There are some popular so-called "Hedging" strategies being promoted lately and we would like to expose some of the misconceptions so you can avoid possible great losses.
As currency traders we all accept the risk that we will lose money from time to time. Hopefully this does not happen because we simply did not have all the facts or because those who presume to, don't care about our losses.
Grid trading in what ever form it is presented is still no more than placing orders at fixed intervals as the currency pair you are trading moves up and down in price. It is safer according to recent testing to start with a small initial trade.
Rule #1 is that the only true hedge is when you are buying the same amount of lots and selling the same amount of lots on the same currency pair.
The relationship between buying one pair and buying another pair, no matter how tightly correlated they may seem, can change dramatically in a short amount of time.
We start by comparing the GBP/USD and the USD/CHF. It does not matter the ratio of the number of lots we buy of each we can still see the relationship of these two pairs move in and out of phase by watching the "Cross pair".
A Cross pair is found buy removing the shared currency such as the USD of the GBP/USD and the USD/CHF. When we do this we are left with the GBP/CHF. Fortunately we will find this currency pair available on most trading stations and charts.
So even though the GBP/USD and the USD/CHF will go up and down independently and we are only placing trades in one direction (you would do this to collect interest or "Swap"). We are in reality, directional trading the Cross pair. So don't be fooled into thinking you are safely hedged when you are really directional trading the Cross pair (in this case, the GBP/CHF).
So now that you know the truth about correlated pairs you should also know that directional trading can take many years of education and practice before it should be attempted with a live account.
To prove to yourself how this works you can open two DEMO accounts. In account #1 you could buy or go long on 100 mini lots of the GBP/USD and buy or go long on 100 mini lots of the USD/CHF. With out placing any other orders you will see that the overall profit and loss will go up and down dramatically over time. This is a result of the change in correlation. This can work for you or against you depending on when you place your orders. This means the system you may be trading may only be profitable depending on when you open the initial trades. There is no proven method for deciding when to begin trading so if you are wrong you could lose all your money.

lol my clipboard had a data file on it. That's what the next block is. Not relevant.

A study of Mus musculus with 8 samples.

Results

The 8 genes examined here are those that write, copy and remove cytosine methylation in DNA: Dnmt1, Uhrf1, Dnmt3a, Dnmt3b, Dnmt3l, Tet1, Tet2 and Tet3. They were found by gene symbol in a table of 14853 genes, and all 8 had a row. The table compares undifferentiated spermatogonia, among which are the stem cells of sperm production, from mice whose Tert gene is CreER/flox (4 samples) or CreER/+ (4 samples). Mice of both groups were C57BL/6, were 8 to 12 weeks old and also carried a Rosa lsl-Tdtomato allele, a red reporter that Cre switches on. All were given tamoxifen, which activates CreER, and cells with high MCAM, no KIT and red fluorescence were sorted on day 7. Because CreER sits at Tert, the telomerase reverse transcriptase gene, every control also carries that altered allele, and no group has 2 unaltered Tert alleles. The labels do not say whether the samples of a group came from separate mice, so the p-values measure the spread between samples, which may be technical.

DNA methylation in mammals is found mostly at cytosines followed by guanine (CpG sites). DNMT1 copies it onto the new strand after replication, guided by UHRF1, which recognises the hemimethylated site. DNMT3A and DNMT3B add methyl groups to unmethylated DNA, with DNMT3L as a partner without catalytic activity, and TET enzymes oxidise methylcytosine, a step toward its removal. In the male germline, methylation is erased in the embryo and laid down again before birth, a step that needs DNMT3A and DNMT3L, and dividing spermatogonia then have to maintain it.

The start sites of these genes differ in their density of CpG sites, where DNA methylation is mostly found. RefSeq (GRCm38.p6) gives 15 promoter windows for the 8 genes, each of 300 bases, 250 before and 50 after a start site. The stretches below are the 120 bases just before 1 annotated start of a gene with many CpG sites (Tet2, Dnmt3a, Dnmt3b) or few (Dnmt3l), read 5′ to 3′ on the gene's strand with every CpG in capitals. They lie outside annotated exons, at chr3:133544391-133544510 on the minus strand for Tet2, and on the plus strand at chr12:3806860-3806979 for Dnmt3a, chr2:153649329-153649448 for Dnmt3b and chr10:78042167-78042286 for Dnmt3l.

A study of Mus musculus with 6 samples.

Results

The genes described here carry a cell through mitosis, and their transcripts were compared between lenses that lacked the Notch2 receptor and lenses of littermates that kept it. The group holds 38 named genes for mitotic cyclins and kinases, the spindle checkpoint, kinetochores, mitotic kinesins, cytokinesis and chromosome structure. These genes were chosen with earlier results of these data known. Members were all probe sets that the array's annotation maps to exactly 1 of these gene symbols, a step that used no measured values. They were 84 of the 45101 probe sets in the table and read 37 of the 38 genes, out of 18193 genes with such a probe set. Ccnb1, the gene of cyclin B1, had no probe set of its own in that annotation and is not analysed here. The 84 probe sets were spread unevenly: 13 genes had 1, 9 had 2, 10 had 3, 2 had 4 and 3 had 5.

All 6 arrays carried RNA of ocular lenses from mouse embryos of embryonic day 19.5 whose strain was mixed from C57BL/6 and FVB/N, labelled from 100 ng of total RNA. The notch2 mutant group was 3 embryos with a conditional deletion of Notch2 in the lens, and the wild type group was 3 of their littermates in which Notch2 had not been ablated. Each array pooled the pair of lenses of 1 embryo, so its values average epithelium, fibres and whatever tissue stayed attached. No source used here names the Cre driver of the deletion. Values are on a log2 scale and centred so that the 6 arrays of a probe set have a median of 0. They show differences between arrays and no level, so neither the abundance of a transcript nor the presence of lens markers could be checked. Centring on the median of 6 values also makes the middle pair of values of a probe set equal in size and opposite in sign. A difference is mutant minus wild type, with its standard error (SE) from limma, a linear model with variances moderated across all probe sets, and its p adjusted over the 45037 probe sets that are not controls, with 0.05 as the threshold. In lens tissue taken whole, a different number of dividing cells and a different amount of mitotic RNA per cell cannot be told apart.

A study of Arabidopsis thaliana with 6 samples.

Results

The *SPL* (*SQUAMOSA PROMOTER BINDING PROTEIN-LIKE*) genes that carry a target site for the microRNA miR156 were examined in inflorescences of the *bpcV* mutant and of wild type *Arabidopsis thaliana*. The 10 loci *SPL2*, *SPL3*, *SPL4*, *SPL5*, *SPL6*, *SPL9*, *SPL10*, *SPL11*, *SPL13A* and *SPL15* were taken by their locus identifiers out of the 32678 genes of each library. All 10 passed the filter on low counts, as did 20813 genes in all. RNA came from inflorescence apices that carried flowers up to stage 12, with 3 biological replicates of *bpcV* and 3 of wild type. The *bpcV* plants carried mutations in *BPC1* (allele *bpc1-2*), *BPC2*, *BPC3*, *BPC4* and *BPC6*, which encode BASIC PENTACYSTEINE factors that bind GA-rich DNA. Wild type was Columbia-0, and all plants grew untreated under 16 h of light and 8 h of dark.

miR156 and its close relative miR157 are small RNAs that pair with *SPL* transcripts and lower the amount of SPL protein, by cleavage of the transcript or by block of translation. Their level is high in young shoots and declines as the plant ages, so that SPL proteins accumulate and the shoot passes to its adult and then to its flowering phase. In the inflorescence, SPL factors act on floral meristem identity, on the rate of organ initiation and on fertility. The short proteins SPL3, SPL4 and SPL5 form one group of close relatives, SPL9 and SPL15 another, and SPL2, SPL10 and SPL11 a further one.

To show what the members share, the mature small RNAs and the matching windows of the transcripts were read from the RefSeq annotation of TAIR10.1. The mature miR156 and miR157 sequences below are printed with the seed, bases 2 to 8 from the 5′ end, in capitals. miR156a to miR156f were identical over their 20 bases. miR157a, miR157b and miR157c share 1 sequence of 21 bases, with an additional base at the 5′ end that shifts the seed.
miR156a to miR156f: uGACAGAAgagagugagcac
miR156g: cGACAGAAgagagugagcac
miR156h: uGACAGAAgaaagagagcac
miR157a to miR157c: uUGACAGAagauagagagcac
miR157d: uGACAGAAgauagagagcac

You will also notice that over time each pair may travel hundreds of pips individually but it is the overall profit or loss between the pairs that is ultimately important.
In account #2 do the same as in account #1 but, in addition, sell or short 75.36 lots of the Cross pair: GBP/CHF; this account will remain relatively stable in its overall profit and loss.
Because the Cross-Pair is the equivalent of a true hedge, the balance in the account will remain almost unchanged from when you start. Because it costs us the pip spread to enter the trade and this creates a negative balance this balance will remain constant. The difference in the paid or earned interest for holding the lots will change over time but the overall profit and loss will not. Any minor fluctuation you may witness is a product of an imbalance in the updating of the bid and ask prices of your trading station.
A Currency Ring is any group of pairs that equally share the same currencies, such as EUR/USD, USD/CHF, EUR/CHF. Trading these pairs in the following ratios will create a perfect hedge.
Buy 100 lots EUR/USD
Buy 135 lots USD/CHF
Sell 100 lots EUR/CHF
If you are currently have open trades and would like to trade the Cross pair, you can find a calculator below:
|Cross Pairs for:|
Please fill out the WHOLE form. The results will show at the top of this page.
For the curious mathematicians:
The product is 1 and we can confirm by calculating the numbers below.
Prices as of May/21/2007, 04:00 EST
The total of the ring:
EUR/USD = 1.3506
USD/CHF = 1.2273
EUR/CHF = 1.6578
1.3506 (EUR/USD) * 1.2273 (USD/CHF) * (1 / 1.6578) (1 / (EUR/CHF))
So it's clear the principle is sound.
The statements on this page do not constitute a trading strategy and only serve to
educate you on the truth about the relationship between currency pairs.